Enola Holmes 2 was the latest in a string of productions to have been shot in Hull following the likes of The Personal History of David Copperfield and ITV’s Victoria.

Hull’s historic backdrop, streets and buildings make it an ideal location to film scenes set in the Victorian era, with only the names and frontages of a selection of pubs, restaurants and offices requiring a slight makeover before stars such as Mille Bobby Brown, Peter Capaldi, Dev Patel and Henry Cavill have rolled into town.


“This has landed major film and TV projects from Netflix, BBC, ITV and Film 4 in the city. Hull is the perfect on-screen double for period London – when we combine this with Yorkshire’s talented crew, regional content funding, a growing studio infrastructure and film-friendly credentials we have the perfect package to attract high-calibre productions to the region.”

Enola Holmes 2 was recently filmed in Hull.

The emergence of Hull as an attractive film location has not happened by chance. The city’s local authority has proactively looked to land these big projects and allow the local economy to benefit. For example, unlike many cities and locations, Hull does not to charge for filming permits.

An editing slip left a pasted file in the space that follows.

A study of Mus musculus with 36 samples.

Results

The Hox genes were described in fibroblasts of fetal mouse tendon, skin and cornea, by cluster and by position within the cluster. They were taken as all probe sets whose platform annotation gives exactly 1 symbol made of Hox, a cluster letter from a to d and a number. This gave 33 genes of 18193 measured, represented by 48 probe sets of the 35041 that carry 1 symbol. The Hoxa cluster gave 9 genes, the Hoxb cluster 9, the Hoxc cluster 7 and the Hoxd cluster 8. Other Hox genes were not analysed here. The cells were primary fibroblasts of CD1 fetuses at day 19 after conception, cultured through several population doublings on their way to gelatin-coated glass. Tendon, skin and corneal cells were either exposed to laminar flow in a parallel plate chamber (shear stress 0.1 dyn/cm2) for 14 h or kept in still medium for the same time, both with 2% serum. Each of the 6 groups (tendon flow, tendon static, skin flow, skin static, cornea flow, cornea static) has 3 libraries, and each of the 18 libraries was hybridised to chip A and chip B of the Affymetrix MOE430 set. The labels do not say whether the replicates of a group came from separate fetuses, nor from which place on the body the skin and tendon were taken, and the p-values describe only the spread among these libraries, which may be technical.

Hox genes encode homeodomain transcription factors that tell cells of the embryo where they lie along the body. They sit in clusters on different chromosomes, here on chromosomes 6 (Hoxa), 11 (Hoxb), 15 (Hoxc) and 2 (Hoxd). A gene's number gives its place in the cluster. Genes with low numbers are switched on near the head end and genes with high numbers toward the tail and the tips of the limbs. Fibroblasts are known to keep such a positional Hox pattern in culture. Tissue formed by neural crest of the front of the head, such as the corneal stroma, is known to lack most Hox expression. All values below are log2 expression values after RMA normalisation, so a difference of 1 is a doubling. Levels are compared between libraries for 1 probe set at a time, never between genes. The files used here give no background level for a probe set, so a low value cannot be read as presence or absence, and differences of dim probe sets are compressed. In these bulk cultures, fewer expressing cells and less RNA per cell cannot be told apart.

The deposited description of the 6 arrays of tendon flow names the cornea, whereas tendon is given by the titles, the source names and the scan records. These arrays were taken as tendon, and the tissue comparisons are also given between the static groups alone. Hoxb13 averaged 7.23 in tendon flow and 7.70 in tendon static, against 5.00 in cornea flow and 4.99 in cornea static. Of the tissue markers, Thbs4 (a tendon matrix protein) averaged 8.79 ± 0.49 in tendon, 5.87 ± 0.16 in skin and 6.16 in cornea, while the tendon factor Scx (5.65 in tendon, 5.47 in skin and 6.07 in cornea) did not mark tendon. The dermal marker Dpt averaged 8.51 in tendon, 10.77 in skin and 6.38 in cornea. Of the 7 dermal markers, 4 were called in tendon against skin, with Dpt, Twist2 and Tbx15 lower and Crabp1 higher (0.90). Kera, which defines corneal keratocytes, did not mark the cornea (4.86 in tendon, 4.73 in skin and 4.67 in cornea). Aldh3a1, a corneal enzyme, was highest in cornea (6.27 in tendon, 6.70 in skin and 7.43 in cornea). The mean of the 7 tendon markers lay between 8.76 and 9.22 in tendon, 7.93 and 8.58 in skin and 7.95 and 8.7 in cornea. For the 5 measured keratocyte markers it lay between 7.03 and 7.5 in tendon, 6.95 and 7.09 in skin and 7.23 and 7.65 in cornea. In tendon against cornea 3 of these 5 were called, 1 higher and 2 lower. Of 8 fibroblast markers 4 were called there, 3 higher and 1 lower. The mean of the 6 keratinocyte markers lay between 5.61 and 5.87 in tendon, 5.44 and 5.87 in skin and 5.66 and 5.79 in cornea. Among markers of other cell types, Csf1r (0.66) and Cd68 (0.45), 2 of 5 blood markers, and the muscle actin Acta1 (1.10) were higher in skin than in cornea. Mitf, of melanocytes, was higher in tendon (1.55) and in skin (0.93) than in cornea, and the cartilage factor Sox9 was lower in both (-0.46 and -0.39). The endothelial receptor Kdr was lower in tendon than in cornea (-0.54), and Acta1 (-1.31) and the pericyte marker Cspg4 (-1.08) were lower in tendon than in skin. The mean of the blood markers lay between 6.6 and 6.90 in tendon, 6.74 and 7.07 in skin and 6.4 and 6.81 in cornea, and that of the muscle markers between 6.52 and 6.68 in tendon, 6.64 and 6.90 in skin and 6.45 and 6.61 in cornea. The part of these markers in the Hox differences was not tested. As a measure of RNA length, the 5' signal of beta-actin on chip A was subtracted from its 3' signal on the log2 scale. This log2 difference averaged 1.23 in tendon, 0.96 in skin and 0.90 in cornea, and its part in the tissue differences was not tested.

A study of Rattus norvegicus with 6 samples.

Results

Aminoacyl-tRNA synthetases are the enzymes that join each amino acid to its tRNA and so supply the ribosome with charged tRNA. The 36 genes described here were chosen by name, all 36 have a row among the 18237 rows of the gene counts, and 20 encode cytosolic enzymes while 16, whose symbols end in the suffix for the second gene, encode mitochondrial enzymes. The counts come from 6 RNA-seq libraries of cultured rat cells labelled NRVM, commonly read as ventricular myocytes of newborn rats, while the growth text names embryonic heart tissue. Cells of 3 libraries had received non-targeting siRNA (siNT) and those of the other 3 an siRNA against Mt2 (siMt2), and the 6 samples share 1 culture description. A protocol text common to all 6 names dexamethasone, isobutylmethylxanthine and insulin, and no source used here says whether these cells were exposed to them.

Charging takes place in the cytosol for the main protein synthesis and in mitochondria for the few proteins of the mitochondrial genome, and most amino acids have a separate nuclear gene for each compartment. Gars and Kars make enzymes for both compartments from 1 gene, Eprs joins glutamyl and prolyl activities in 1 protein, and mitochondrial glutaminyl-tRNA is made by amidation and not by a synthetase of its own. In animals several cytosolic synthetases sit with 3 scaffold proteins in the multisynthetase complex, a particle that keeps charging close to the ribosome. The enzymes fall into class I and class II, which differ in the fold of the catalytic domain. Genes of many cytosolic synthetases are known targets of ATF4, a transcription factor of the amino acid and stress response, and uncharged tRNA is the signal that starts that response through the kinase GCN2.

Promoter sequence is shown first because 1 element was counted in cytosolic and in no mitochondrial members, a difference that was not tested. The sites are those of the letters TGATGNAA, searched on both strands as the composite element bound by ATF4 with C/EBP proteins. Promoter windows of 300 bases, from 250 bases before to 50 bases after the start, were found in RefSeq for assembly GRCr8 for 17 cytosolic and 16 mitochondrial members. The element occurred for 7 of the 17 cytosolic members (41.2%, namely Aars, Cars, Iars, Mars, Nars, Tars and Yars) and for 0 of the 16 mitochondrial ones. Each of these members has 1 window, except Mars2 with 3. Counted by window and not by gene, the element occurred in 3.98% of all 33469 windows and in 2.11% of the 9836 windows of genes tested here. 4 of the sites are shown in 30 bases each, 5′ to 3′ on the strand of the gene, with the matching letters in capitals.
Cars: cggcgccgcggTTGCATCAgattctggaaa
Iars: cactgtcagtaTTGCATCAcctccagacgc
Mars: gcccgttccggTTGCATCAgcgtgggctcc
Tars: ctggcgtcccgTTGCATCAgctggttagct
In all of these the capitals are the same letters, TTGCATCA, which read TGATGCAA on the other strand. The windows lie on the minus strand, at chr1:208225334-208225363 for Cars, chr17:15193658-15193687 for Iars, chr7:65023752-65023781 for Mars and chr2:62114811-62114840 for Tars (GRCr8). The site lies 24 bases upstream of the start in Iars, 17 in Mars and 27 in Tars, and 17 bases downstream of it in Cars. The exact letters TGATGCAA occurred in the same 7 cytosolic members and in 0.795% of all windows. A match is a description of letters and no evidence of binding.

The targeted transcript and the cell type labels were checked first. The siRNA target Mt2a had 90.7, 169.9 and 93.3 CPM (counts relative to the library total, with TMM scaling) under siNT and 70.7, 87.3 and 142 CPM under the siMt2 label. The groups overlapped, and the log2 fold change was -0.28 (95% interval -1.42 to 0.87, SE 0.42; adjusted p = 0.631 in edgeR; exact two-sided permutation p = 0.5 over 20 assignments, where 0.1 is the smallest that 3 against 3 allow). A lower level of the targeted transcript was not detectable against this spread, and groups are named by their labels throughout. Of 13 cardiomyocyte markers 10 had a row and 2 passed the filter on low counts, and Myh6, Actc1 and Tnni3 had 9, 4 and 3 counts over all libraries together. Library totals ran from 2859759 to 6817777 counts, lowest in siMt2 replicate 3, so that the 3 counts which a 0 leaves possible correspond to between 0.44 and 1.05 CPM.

Councillor Daren Hale, leader of Hull City Council and portfolio holder for tourism and economic investment, said: “Enticing some of the biggest hitters from the film and television industry is incredibly beneficial for our city and our region.

“Firstly, these productions show our city in its best light and showcase it on a global scale. The recognition and kudos that this can bring to a city, especially somewhere like Hull that is often overlooked or misrepresented, is invaluable.

“There are also the obvious economic benefits that large productions bring. Hotels, restaurants and food vendors, as well as various contractors and trades, can all benefit from the sudden influx of cast and crew, as well as from fans keen to get a glimpse of sets or their favourite actors.